Signal jamming


#1

I am looking into the use of ST as an alarm system (as well as other smart home things). I wonder - and have not been able to find on this forum or the internet - how the ST hub and periferals it works with avoid that the wifi signal they use is jammed. Does it have any anti-jamming measures?

Thanks for helping me decide!


(Patrick Stuart [@pstuart]) #2

First of all most devices use Zigbee or Zwave radios, different then WiFi.

If a jammer were able to block the specific frequencies of the radios, then the devices would fall off the network.

There is no reasonable way to overcome this.

But the realities of a powerful enough signal jammer to sustain blocking all devices on a zigbee mesh or zwave or even wifi spectrum are difficult to pull off.

Proximity to the hub is the most critical element, but also the distance to each device.

Ultimately, if a jammer were deployed, it would drop the devices off the mesh, until the jammer stopped working, or the signal strength RSI, etc wasn’t strong enough to overcome the transmit radio.

Thankfully ST does have a hub disconnect notification, so you would know if the internet was cut, but there is no really good mechanism for a device falling off the network notification.

It would be easier to just cut the network connection to the house, or even power. Or just kick in the front door or break a window.

Every security system is vulnerable to many attack vectors no way to overcome this. Locks keep honest people out.


(Geko) #3

There’s no such measures used in any consumer electronic devices. Any “wireless” security system that uses RF sensors, as well as your WiFi router can be jammed. If jamming is a concern, then your only option is a wired security system connected to a phone line or a wired Ethernet.


(Scott G) #4

He might be referring to what is mentioned in the below article. It claims that companies like Simplisafe and Frontpoint use software to detect intentional jamming and trigger a push alert to the homeowner. Pretty similar to the ST hub’s disconnect notification.

In general I agree with both @pstuart and @geko though. The ease of jamming the signal is not trivial, and where it exists, it exists for all wireless security systems. ST might have a small advantage if your devices are a mix of Zigbee and Zwave, since they would need jammers for multiple frequencies.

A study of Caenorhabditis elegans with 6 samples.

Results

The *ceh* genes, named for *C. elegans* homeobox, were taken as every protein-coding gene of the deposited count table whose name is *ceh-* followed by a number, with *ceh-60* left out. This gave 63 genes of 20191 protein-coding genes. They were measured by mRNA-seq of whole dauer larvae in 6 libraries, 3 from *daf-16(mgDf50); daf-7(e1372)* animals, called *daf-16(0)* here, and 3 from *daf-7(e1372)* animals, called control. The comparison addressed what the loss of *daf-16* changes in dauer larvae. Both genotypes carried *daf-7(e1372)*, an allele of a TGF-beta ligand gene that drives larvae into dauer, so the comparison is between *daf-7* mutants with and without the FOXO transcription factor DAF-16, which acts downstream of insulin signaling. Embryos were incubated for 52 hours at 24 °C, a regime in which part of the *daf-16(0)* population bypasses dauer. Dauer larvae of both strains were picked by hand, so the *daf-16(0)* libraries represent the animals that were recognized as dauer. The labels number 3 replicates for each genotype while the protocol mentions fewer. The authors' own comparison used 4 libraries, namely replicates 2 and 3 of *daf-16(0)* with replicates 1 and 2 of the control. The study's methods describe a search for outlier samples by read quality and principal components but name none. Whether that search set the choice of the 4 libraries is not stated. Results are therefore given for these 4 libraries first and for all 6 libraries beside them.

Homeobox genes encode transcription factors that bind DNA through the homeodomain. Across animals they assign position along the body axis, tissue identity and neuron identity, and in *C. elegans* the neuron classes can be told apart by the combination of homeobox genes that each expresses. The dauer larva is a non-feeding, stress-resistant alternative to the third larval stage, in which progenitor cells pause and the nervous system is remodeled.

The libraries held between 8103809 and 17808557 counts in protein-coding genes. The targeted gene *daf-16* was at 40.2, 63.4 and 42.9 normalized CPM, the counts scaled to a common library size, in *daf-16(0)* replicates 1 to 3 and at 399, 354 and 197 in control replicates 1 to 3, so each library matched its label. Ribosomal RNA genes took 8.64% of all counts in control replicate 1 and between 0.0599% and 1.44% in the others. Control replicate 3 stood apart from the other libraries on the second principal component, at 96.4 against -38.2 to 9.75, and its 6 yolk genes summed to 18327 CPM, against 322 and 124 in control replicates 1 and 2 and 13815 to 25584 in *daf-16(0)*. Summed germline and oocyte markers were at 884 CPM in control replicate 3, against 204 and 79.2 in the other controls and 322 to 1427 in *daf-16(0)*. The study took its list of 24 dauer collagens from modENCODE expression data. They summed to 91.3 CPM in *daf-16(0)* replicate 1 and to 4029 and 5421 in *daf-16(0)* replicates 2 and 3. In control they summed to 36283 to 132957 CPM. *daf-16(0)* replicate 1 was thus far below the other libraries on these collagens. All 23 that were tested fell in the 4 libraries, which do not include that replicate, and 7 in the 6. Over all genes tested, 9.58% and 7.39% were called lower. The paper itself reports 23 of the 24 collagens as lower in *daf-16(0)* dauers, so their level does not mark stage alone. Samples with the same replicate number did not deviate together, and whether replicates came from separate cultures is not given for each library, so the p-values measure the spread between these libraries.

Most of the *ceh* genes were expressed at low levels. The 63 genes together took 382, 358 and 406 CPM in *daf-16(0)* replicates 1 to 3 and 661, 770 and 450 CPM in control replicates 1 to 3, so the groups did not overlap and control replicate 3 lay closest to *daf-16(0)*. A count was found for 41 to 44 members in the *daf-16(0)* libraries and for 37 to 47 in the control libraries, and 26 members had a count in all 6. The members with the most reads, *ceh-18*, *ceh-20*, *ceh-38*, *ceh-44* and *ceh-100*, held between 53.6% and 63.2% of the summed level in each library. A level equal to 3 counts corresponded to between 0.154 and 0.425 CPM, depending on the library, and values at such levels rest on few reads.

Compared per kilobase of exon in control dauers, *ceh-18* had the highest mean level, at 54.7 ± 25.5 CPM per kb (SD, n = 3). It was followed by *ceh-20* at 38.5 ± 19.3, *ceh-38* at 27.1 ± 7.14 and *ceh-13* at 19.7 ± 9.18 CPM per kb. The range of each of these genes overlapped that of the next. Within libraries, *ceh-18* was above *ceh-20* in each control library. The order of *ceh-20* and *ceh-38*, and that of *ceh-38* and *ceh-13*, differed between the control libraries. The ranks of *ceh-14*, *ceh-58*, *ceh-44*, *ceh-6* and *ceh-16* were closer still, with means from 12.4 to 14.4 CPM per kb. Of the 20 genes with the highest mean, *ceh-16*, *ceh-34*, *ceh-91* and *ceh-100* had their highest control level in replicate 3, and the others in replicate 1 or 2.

(Geko) #5

Good point from the article:

The odds of a criminal using technical means to bypass a security system are so small that the FBI doesn’t even track those statistics.


#6

Many thanks for your replies. I am (slightly) more comfortable now!
John


(Sean) #7

I would be more concerned about the cable feeding your house that runs your internet modem. someone will cut that before they try jamming rf. most homes have the entry riser at the side of the house where the hydro meter comes in.


(Paolo) #8

I’ve the same concern and I wonder if there is some way to poll the devices and to know if they are still connected. That should be useful also to check if all the devices are still working (or do you have to check manually every device?)


#9

#10

we’ve lost the bleeps, we’ve lost the creeps and we’ve lost the sweeps


(sidjohn1) #11

Yes, you can write a smartapp to do that.


(Eric) #12

sorry to wake an old thread but as a point of clarification, in my experience, most “jamming” is accidental. It does happen in the burglar system domain by a sensor/transmitter malfunctioning to transmit continuously. Normally it only transmits intermittently.

Accidental or not, it is good for the panel/hub/receiver to send a notification of jamming.


(ActionTiles.com co-founder Terry @ActionTiles; GitHub: @cosmicpuppy) #13

RF Jamming is back in the news.

It would be helpful if SmartThings would report loss of signal to help alert a customer of a potential attack…


Zigbee security
(Daniel Lo) #14

It’s getting a bit more common place, for cars and such.